What are the main differences between 140mm vs 120mm case fans? The biggest difference between a 140mm and 120mm fan is the size. This crucial factor can affect several pieces of the fan including: performance, noise, and fit.
There can be several other differences between the very common 140mm vs 120mm fans. But, no need to worry, today I’ll be going over everything you need to know.
Trust me, I’ve been there before. You are looking to build your next performance gaming PC. But, you didn’t know what fans to get, so you looked at my guide to the best RGB fans. Then, you found what brand of fans you wanted, but what size/type should you get for your case? What are the differences between 120mm and 140mm fans?
Those are the exact questions I’ll be answering today. But, with that being said, let’s get into it!
140mm vs 120mm Fans Differences
They are some of the best case fans on the market and are a good relative comparison.
- 140mm x 140mm x 25mm
- 0.234 LBS
- 1.4 mm-H20
- 50.2 CFM
- 26 dBA
- 550 – 1250 ±10% RPM
- Around $5 more (subject to change)
- 120mm x 120mm x 25mm
- 0.171 LBS
- 1.55 mm-H20
- 41.8 CFM
- 26 dBA
- 525 – 1500 ±10% RPM
As you can see, there are some significant differences between the two sizes. Mainly these differences include the weight, static pressure, flow amount, and speeds.
I do want to point out that the rated decibel or sound levels of these two fans are identical. However, this is not the case with all fans.
The size is a pretty obvious difference. But, there are many applications where you cannot use 140mm. For example, a 360mm radiator will only accept 3x 120mm fans. You will not be able to use 140mm fans. And, vice-versa with a 280mm radiator. You can only use 2x 140mm fans.
Additionally, there are often different cases that will only accept certain types of fans in certain locations. There can vary greatly based on what PC chassis case you are choosing, so you’ll have to go over those details when choosing.
The static pressure of these fans can play a big role in which one to put into your next build. The 120mm fan size has a higher static pressure at 1.55 mm-H20. This means that they are more ideal for radiators that require high static pressures.
Additionally, if you are using a specific flow direction/static pressure map for your PC, then you might want to carefully choose what you’d rather have (source).
The flow amount plays right into static pressure. Inversely, you might want a higher flow rate (CFM), which case you’d probably go with the 140mm fans. These have big blades that push a lot of air. While they spin at slower speeds, they can push larger amounts of air with lower speeds.
50.2 CFM is a lot of air flow and if you are optimizing your case for pure push of air, then the 140mm fans are the way to go.
Speed is again related to flow rate. You’d think the faster the fan spins, the higher the flow rate. However, the 120mm fans are faster, but have a lower rate. This is due to the fact that the blades are smaller. While this can be a big factor for static pressure, flow rate is drastically affected by the blade size.
The speed is huge for determining which fans you want where. Depending on if you can control your fans speed can play a big part on where you are plugging them in. Additionally, it can be tough to decide between a bigger or smaller fan based on speed alone. Using all of the contributing factors, you can determine between a 120mm vs 140mm fan size.
Finally, we get to the noise of the fans (or decibel rating). While the two fans in our example have the same decibel level, this is not the norm.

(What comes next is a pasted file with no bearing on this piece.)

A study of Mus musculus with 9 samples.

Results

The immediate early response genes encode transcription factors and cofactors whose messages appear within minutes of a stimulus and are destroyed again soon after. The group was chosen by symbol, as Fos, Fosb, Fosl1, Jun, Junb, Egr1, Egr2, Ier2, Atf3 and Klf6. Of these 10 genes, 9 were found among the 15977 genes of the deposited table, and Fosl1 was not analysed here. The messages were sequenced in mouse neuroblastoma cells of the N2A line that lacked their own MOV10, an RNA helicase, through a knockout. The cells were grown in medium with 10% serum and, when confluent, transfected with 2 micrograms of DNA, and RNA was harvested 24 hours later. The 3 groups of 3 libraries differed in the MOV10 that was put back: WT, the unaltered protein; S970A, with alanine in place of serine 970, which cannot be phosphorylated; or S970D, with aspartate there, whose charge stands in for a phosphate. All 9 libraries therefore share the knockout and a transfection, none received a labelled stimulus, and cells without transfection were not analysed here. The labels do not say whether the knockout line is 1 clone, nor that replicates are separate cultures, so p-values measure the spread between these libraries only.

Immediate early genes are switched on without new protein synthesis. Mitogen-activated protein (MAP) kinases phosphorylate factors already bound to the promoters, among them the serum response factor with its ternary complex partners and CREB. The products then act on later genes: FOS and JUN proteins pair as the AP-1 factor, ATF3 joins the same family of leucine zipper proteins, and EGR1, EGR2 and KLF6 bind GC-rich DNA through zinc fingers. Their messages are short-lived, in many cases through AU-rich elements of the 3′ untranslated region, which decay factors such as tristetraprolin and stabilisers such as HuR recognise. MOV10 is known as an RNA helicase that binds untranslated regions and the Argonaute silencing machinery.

Typically larger fans have larger blades, and push more air. Although, the smaller fans have a faster operating speed. So, which one is louder?
Often a bigger fan will be a bit louder than their smaller counterparts. This can vary greatly between fans based on their speed, blade size, and blade count. Additionally, manufacturers such as Noctua place significant emphasis on operating volume.
So, there isn’t a clear cut answer for every fan. It will be up to you to determine what volume is acceptable to your ears.
Are 140mm Fans Better Than 120mm?
140mm fans are typically stronger, more powerful and obviously bigger than 120mm fans. While these can be important attributes, that does not necessarily mean they are better. There are a lot of applications that PC builders might require a 120mm over a 140mm fan, especially when there is tight fits.
Another big point when it comes to size comparisons is in the price. Bigger fans cost more, making it harder to fill your case with fans (if you are ballin’ on a budget).
But, if your PC and budget have the room, there really isn’t a reason not to fill it with 140mm fans.
Can You Mix 120mm and 140mm Fans?
Of course you can mix 120mm and 140mm fans. There are no rules saying that you cannot have both in your case. However, you shouldn’t mix 120mm and 140mm sizes when using an AIO coolers/radiator. Or, in certain cases of performance with static pressure.
You have to be sure you know what directional flow of air you want, along with where you want positive and negative pressure areas.
120mm vs 140mm Fan RGB Lighting
Typically there are no differences between 120mm vs 140mm fans in regards to RGB lighting. Both fan sizes often have the same options for lighting.
However, with a bigger fan, you most likely will have more LED’s or at least a brighter light signature. This can play a vital role if you want the brightest fans you can get!
Final Thoughts: What is Better 140mm or 120mm?
In conclusion, what should you get a 140mm vs 120mm fan? In my opinion, there is no clear winner. 120mm fans are a more popular option due to their more compatible size and accessible price-point. However, both fan sizes have valid applications.
There are some situations that you want a 140mm fan in, and some that you want a 120mm fan in. The final answer is, it just depends.